Julia Toronczak
Image of Julia with twin brother Michael who has Down syndrome.They are huggig and holding hands smiling at camera.

I’ve grown up with my brother, Michael, who has Down syndrome my whole life. It’s always been natural for me to approach another individual with disabilities without hesitation. However, I’ve noticed that even some of my closest friends struggle with approaching Michael, so I thought I’d write about ways to make it easier.

Michael loves to be acknowledged. Even though he’s nonverbal, he loves it when others approach him and say hello. He might not communicate back in words, but he will always accept whoever’s introducing themselves. If someone waves at him, he’ll wave back. If someone gives him a high-five, he’ll always be down for it, and wait for a fist-bump back — Michael loves those.

I know some people get really intimidated and aren’t sure what to do, but Michael definitely notices if you ignore him. Other people with disabilities, like Michael, can tell if you’re uneasy and uncomfortable, and there’s honestly no reason to be! Even if you don’t get the response you expect, it’s always really touching to see any form of effort put in.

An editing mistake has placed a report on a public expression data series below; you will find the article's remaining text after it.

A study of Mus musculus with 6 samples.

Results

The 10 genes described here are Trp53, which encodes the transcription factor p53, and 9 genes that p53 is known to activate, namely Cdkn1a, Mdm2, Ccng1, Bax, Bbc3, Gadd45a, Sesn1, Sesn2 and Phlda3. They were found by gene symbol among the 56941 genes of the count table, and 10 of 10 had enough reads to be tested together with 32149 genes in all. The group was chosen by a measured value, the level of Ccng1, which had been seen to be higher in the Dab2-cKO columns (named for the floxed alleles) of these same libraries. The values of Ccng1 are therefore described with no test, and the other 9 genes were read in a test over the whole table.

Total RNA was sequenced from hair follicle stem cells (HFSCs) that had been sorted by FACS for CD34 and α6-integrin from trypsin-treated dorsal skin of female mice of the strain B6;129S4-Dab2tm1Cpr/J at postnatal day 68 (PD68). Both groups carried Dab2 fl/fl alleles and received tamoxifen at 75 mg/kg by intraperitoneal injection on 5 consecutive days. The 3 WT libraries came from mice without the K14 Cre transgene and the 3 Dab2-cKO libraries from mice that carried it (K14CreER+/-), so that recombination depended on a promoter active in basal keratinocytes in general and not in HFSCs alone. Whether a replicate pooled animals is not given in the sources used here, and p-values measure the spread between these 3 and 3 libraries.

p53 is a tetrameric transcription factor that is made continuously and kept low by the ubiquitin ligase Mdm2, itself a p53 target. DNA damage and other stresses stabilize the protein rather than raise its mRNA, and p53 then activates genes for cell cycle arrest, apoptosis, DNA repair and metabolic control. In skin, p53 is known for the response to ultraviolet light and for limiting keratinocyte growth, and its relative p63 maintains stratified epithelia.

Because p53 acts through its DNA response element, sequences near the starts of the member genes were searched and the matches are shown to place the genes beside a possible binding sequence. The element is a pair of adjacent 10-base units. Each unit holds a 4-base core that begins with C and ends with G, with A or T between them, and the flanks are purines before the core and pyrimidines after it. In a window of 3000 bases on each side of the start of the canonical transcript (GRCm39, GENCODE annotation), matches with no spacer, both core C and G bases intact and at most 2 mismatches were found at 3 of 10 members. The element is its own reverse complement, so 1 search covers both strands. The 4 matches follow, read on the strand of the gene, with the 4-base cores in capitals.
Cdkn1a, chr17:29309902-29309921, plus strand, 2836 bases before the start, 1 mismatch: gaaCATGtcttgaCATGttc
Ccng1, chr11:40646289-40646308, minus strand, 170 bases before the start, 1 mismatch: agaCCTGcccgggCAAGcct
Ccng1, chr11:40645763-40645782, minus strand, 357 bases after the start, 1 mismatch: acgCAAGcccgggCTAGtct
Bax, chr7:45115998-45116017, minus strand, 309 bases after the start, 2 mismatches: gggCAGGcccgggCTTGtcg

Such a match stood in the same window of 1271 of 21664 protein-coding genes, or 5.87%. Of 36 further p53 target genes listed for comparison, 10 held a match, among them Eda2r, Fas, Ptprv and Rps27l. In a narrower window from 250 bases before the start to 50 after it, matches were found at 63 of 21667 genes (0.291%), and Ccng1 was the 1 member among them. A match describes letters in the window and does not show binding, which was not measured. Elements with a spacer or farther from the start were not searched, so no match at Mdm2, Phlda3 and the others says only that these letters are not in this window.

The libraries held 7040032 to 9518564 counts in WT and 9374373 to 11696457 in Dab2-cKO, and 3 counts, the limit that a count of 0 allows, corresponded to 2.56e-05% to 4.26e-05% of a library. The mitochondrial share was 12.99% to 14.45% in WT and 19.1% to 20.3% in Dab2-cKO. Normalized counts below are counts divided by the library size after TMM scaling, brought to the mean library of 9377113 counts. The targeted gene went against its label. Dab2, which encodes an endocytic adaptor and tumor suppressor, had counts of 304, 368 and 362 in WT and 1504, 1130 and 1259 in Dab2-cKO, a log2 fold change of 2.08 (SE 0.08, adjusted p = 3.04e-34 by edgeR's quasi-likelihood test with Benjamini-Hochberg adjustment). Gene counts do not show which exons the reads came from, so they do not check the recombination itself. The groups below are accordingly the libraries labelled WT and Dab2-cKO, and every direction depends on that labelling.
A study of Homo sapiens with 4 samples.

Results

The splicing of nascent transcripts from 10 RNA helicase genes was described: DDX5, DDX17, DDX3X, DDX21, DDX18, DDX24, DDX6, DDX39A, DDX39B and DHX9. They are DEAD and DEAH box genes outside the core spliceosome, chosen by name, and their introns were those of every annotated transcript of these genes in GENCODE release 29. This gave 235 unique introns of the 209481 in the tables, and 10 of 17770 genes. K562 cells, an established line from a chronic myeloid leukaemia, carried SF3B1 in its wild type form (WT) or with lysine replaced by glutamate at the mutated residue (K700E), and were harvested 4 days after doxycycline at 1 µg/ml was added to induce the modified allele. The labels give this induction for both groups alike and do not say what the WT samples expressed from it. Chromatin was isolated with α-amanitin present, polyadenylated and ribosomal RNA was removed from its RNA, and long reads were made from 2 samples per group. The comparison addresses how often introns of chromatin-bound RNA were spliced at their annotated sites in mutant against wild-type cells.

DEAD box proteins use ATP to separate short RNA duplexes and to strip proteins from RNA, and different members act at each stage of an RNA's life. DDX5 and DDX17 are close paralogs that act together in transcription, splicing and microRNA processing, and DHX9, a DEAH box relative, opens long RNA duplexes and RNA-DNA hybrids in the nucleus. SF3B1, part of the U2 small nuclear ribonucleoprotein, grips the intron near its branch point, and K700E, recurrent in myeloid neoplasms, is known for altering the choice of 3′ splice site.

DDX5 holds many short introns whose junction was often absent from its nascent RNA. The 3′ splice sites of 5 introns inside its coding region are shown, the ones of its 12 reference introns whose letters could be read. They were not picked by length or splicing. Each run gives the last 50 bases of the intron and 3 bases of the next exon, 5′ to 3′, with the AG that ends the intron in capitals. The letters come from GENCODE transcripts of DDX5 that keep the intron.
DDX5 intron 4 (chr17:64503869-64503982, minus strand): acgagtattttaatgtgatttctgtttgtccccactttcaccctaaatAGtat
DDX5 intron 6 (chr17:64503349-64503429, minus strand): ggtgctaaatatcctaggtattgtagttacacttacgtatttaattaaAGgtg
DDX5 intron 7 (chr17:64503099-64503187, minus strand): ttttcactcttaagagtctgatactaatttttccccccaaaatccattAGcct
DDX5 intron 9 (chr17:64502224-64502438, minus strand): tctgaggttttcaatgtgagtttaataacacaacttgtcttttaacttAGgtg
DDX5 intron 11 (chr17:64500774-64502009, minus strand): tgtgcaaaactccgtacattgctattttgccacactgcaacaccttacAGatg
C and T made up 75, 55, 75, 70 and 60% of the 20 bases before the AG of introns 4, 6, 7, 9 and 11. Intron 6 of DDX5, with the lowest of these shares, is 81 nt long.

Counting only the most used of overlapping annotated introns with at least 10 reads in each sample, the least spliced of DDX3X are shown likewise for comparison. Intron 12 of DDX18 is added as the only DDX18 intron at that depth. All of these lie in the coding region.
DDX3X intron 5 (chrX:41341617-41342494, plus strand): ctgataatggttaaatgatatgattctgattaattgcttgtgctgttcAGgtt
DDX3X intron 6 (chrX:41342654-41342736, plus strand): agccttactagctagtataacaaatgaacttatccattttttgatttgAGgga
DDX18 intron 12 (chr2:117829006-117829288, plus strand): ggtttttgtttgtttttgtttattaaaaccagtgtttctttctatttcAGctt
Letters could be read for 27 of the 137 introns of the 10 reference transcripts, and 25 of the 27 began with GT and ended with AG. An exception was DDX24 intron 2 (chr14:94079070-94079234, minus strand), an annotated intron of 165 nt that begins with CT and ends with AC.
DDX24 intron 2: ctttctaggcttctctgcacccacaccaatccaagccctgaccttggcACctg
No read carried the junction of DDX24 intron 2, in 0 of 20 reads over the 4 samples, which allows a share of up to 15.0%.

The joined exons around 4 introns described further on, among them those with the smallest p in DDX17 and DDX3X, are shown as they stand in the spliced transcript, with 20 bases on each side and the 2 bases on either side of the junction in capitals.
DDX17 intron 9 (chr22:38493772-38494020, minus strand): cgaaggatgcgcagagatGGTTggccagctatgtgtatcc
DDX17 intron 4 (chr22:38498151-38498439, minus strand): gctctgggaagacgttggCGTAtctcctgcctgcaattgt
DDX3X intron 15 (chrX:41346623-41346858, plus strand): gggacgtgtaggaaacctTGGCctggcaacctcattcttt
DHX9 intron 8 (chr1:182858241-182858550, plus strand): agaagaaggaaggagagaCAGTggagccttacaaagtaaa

Related:Dad Raps Song for Daughter With Down Syndrome

Something I absolutely adore and love about Michael is his kind, loving, nondiscriminatory personality. Michael couldn’t care less about your gender, sexual orientation, race, etc. Michael will always reciprocate to those who approach him in a friendly manner. I continue to be inspired through his language of love, and his behavior towards others is what I find as one of the most important aspects about keeping and supporting the Down syndrome community.

If I ever encounter someone in the disability community, here’s what I’ll usually say:

“Hey I’m Julia! whats your name?” Usually with a handshake or high-five.

And it’s just as easy as that! Usually if they’re with their parent or caretaker, I’ll let them know I’ve got a twin brother with Down Syndrome, and they’re immediately reassured. Every person may react differently, but it’s always much better to say hello and ask how they’re doing, rather than just stare.

Honestly, I can’t put to words how meaningful it is to me when people come up to me and acknowledge Michael and talk to him –even though Michael doesn’t respond back with words — it really does make a difference.